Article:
City officials and council members are reeling after an incident involving councilman Ed Gornall went viral on social media over the weekend.
Saturday afternoon, Gornell visited Mother Bear’s Pizza in Bloomington where he was served by an unidentified man wearing a protective face mask that read “Black Lives Matter.”
A photo of a receipt for the meal posted online — with Gornall’s name and signature clearly visible — shows the councilman declined to tip, but included the words “All Lives Matter” in all caps at the bottom of the receipt for the server, sparking a quick wave of outrage.
The incident was captured and shared online by Illinois resident Scott Wheeler, who noted in his Facebook post that Gornall is a member of the Vincennes City Council.
The original post has since been shared 170 times and garnered thousands of comments amongst those shares.
Mayor Joe Yochum said a deluge of messages and comments via Facebook brought the incident to his attention Sunday and prompted his swift online response.
On his Facebook page, the mayor said the actions by Gornall “are not condoned by my office or administration and they do not reflect the inclusive and diverse policies of the city of Vincennes.”
In response to the social media backlash, Gornall took to his own Facebook page to offer an explanation of his actions Saturday afternoon.
Describing service at Mother Bear’s Pizza as poor, the councilman said what added to his frustration was that the server “had the phrase ‘Black Lives Matter’ hand drawn on his face mask.”
Gornall went on to say that it’s his “biblical convictions” that led him to respond with the hashtag “All Lives Matter.”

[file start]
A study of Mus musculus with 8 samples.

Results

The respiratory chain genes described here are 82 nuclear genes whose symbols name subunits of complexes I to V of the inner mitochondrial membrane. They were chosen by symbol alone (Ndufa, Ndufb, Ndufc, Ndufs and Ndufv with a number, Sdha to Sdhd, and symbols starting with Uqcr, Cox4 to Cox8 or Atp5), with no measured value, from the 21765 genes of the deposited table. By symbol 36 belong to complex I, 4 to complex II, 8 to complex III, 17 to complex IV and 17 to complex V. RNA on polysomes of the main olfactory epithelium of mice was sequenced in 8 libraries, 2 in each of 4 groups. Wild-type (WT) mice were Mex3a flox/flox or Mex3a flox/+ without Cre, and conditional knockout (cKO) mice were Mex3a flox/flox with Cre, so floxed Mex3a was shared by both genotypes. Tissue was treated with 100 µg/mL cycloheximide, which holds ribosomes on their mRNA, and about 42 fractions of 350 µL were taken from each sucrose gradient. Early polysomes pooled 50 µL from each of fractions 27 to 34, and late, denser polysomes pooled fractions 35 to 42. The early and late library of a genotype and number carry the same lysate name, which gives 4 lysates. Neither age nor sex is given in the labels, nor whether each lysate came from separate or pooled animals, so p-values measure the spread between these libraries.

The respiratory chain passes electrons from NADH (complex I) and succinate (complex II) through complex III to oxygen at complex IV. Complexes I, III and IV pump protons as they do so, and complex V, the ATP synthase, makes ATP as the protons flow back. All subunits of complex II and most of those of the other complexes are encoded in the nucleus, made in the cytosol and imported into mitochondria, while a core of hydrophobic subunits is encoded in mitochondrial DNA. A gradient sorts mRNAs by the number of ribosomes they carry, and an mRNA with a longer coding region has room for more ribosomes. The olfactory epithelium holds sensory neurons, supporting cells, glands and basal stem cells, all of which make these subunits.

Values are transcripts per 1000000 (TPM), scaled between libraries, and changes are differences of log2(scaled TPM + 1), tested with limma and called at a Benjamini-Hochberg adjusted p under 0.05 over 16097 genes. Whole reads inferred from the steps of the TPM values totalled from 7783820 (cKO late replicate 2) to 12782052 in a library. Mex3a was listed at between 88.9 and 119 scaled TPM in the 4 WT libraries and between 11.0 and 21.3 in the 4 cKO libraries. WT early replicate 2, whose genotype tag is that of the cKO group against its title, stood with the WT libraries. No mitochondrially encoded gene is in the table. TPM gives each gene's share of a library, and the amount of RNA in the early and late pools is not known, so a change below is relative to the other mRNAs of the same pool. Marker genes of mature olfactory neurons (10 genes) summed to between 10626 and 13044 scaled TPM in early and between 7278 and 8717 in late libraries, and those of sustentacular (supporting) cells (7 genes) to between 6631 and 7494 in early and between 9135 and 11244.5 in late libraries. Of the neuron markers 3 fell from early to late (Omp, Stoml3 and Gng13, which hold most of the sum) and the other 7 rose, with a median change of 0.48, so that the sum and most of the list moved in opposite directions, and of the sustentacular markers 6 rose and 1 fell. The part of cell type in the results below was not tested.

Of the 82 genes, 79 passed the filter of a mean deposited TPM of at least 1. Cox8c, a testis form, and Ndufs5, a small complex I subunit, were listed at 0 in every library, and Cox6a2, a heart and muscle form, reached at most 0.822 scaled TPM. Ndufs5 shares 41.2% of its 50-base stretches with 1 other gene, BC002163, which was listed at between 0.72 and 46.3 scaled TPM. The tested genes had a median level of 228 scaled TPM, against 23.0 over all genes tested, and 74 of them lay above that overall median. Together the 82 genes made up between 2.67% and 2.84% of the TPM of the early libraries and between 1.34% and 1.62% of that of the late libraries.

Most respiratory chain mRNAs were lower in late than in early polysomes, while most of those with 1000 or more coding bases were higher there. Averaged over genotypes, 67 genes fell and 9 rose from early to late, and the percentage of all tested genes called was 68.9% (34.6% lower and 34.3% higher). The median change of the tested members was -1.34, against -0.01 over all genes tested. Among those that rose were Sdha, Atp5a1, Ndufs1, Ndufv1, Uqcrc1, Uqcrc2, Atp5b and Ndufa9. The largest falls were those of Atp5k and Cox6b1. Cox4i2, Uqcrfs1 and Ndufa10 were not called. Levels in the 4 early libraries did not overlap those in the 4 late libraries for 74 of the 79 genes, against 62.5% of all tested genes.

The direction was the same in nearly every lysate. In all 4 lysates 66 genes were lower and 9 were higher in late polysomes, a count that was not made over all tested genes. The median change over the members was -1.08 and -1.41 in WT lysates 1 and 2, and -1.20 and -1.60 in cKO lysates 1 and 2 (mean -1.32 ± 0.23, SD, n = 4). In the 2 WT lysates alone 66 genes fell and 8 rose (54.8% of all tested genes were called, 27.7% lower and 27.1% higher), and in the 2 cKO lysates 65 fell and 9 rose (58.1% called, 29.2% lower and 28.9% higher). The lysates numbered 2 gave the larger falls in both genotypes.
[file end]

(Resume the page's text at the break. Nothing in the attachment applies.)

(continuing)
On Sunday, councilman Marc McNeece issued a statement calling for Gornall’s resignation. McNeece said that while Gornall exercised his right of free speech and expression, the action comes with consequences.
Describing Gornall’s actions as showing “a lack of empathy and understanding as well as deafness to the civil unrest all around us,” McNeece indicated Gornall’s ability to function productively on the council seems unlikely.
As protests continue in hundreds of cities across the U.S., following a disproportionate number of deaths of Black Americans by police force, it’s clear that divided passions about the Black Lives Matter movement are running high in Vincennes as well.
Hundreds of area residents have weighed in on the recent incident, with some showing staunch support for Gornall “standing up for what he believes in” and exercising his right to freedom of speech, while others vehemently denounced his actions and encouraged his resignation.
City council president Tim Salters says it’s unclear what, if any, action will be taken by the council, but he hopes all community leaders and elected officials will see they must hold themselves to a higher standard.
“The way we treat people — that’s one of those things we have to constantly think about,” he said. “And if we’re not holding ourselves to a higher standard, then why would others follow those values we’re preaching?”
At this point, Salters says members of city government have differing opinions about “how this should play out.”
“Whatever the way forward, we’ve all got to work together to figure this thing out,” he said.
In a later posting, Gornall said he drove back to Bloomington on Sunday, spoke with the server personally and left him a $25 tip.
“He told me all is good,” Gornall wrote on social media.
He also said he didn’t believe the incident reflected upon his ability to serve as a councilman.
“It only shows my lack of sensitivity to others and their beliefs,” he wrote.